The cities of Heath and Newark are trying to find new ways to raise money for their general funds.

The cities of Heath and Newark are trying to find new ways to raise money for their general funds.

Heath City Council is scheduled to hear the second reading of an ordinance March 1 to reallocate the city's 1.5-percent income tax to give the general fund a larger chunk.

The ordinance would allocate 92.75 percent of tax revenue to the general fund, 5.25 percent to debt services and 2 percent to the capital-improvements fund.

Currently, 84.75 percent of the income-tax revenue goes to the general fund, and 10 percent goes to capital improvements. The debt-service allocation is the same.

Heath auditor Keith Alex-ander said he plans to ask council to amend the ordinance to reflect 91.75 percent of the revenue going to the general fund and 3 percent to the capital-improvements fund.

Alexander said the proposal would give the general fund about $364,000 more than the income tax provided last year. The general fund would see a total of about $4.8-million from city income-tax revenue.

"Basically, when the mayor began this budget, he was some $600,000 upside down," he said. "He asked the department heads to make cuts in non-personnel areas. Citywide, we were able to come up with almost $200,000 of the $600,000."

He said the city also found about $120,000 in revenue still being collected from the Redflex red-light cameras.

Because of the reallocation of the income tax, city cuts and the unexpected Redflex revenue, Alexander said, the city budget would be about $15,000 in the black this year.

Alexander said council is slated to hear the first reading of the permanent 2010 budget, which would reflect the income-tax reallocation, during its meeting at 7:30 p.m. March 1.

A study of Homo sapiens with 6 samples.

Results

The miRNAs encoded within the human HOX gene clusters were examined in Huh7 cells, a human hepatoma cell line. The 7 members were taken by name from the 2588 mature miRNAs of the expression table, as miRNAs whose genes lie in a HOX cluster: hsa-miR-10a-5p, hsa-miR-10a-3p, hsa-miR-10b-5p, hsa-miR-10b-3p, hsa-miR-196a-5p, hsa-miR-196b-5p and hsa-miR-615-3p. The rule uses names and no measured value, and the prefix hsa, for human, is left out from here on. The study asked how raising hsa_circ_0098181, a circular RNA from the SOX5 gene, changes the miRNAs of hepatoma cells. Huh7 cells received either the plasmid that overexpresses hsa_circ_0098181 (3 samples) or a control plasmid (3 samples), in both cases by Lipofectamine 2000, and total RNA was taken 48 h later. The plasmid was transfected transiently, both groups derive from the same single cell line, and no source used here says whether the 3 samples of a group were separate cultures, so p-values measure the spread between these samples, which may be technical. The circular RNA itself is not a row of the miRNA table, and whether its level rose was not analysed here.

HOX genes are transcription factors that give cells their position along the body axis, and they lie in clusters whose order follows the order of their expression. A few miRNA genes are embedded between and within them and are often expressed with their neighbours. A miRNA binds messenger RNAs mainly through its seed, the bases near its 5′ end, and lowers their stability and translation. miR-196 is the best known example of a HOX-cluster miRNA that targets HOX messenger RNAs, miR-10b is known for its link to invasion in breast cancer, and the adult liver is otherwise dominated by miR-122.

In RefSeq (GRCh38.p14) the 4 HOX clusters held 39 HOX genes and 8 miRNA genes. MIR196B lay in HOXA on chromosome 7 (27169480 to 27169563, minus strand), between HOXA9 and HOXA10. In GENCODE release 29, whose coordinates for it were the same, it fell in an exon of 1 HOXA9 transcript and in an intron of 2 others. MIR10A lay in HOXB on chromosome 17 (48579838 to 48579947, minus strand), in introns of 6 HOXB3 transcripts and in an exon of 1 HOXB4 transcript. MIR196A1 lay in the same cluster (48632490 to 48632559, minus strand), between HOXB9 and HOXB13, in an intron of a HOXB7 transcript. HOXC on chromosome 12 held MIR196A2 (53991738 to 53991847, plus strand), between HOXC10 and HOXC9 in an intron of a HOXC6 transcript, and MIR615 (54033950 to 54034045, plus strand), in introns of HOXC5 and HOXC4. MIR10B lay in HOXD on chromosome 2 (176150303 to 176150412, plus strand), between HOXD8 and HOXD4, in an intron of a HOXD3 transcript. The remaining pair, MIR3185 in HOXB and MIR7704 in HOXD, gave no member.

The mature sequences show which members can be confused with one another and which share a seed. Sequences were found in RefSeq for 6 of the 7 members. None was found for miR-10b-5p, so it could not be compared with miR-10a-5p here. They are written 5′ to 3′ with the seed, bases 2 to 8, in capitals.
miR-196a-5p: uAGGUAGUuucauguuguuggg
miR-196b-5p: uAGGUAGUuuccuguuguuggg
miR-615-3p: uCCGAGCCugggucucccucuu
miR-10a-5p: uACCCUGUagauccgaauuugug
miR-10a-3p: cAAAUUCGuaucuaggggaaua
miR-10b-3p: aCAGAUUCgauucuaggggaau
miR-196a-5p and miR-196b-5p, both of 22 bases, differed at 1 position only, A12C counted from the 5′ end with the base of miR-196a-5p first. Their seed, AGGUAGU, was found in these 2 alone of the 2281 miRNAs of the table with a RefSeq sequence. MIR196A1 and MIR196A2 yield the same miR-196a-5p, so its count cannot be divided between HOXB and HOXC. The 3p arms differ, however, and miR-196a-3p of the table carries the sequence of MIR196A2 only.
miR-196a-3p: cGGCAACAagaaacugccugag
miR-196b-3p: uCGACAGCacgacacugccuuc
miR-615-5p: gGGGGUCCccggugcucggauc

"The mayor has acknowledged that this is not a long-term solution, nor can it reduce capital-improvement funding this way for any length of time," Alexander said. "It's kind of a temporary fix, and I think the mayor has described it as the least of all of his bad options."

Newark's capital-improvements committee is in the process of reviewing a similar ordinance to reallocate part of its 1-percent income tax.

The proposal would allocate 90 percent of the revenue to the general fund, and the remainder would go to the capital-improvements fund, which is used to pay for large construction projects.

Currently, 86 percent of the income-tax revenue goes to the general fund.

Stephen Johnson, Newark auditor, said the change would provide the city's general fund with about $468,000.

In difficult economic times, he said, municipalities need more for their general funds than for capital-improvement projects.

Johnson said his recommendation to the capital-improvements committee and to city council is to approve the legislation and reallocate the income-tax revenue.

"My recommendation is to go ahead and do that for this year only," he said. "But I think that we need to review several operating procedures so we don't have to rely on capital improvements in the future."

The capital-improvements committee met last week and rejected the reallocation legislation.

Johnson said the group would be asked to review the legislation again during a special meeting Monday, March 1.

If the committee were to approve the legislation, it would move to city council for final approval.